The nature of the Steubenville City Charter form of government in action during the past 29 years has been all about service to the public, punctuated by the ending of the relationship between any given City Council and a given manager.
The original idea was to obtain professional management and get the operation of the city's operations out of the strict control of politicians, political allies or outright cronies. In operation, it actually has worked, though nearly three decades of time passing can dim memories, and those on the scene only after the government changed from a strong mayoral form would not recognize how far the city actually has come.
There was a time when an entrenched mayor in charge could continue to wield his personal viewpoint and controls through those political allies he installed in office, with power continuing for as long as the voters could be made to believe in the mayor's personality.
The manager government isn't about personalities or long-term power.
Yes, the system occasionally hits bumps in the road, but it does work and it does provide a stable government, despite the changing of the guard in the manager's office.
The latest manager to depart the executive suite in the Municipal Building is Cathy Davison, who had a mostly typical 38-month relationship with the city and its legislators if the template of prior administrations is any indication.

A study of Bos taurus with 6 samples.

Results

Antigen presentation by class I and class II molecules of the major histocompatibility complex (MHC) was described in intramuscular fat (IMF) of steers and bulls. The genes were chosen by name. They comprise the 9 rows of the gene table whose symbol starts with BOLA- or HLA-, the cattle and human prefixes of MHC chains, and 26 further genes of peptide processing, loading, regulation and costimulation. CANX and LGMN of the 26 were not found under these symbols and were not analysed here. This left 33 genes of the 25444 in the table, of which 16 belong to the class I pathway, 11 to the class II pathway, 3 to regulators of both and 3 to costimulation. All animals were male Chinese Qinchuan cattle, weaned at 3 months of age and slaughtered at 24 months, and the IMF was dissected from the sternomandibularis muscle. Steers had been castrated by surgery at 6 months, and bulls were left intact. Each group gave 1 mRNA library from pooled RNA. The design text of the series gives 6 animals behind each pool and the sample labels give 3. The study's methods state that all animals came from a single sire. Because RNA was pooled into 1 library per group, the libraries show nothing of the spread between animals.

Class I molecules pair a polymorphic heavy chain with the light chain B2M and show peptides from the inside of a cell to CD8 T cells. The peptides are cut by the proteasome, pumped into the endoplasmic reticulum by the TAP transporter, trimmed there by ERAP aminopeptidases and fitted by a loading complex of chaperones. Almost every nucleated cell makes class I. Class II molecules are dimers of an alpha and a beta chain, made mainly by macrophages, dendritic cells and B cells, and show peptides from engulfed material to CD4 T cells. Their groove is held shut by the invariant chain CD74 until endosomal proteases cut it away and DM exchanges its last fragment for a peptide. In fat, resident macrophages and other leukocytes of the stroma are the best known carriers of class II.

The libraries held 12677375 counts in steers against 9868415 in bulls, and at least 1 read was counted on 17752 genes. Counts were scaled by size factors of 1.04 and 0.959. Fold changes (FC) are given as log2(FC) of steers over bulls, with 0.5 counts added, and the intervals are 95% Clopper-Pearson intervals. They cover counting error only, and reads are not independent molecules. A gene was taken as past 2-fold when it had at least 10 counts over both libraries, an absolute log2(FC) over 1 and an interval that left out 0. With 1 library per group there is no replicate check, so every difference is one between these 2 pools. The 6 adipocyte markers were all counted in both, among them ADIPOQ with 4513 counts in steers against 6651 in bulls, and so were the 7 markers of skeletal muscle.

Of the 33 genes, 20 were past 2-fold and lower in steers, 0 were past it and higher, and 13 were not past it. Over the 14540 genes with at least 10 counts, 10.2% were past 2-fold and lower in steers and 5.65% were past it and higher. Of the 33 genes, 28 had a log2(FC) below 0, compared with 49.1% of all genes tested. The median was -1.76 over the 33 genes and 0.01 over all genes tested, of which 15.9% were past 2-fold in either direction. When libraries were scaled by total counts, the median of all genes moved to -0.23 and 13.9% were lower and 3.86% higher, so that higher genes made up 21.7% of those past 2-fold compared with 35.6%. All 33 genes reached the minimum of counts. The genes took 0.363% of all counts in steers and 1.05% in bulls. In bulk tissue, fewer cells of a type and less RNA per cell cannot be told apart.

Indeed, only in the case of the second term of Bruce Williams did the ending of the paid executive's tenure follow anything but a typical pattern.
The pattern usually is this:
A manager is hired amid high hopes for change, budgeting skills, public relations and an improvement of morale, employment conditions and the delivery of service to taxpayers.
A couple of years into the relationship, a tough decision has to be made. As the money becomes tighter, those hard decisions hit with greater impact. The council either defers the decision to the manager and with some of council second guessing the manager, or the council chooses to let the manager's decision stand and then the relationship sours when citizens disagree with the decision. Either way, the relationship begins to sour. The manager eventually finds himself or herself generally at odds with a factionalized council, and the relationship becomes so ineffective that the citizens are best served by the relationship ending.
This is not a reflection on any of the six people who met the charter's qualifications and were hired by council. It is just a point of how the system has worked historically.
And that is not much different than what happens between a strong mayor and the residents. Even mayors can come and go every four years if they fall out of favor with residents, despite the charter growing out of an entrenched-mayor situation in the 1970s and early 1980s.
Steubenville has a mayor who has stayed in favor for terms as mayor and a councilman dating back longer than the charter has been in effect. Domenick Mucci again will provide leadership and be the manager during a transition between managers, as he has been three other times. He has been an adequate caretaker for these interim periods, and, because of the charter, his long tenure as mayor is not a power issue. It actually provides institutional memory that can be valuable.
It is easy to be divided by personalities when the manager-council relationship sours. But it is the system at work that allows the city to seek a new professional for another fresh look at governance and management.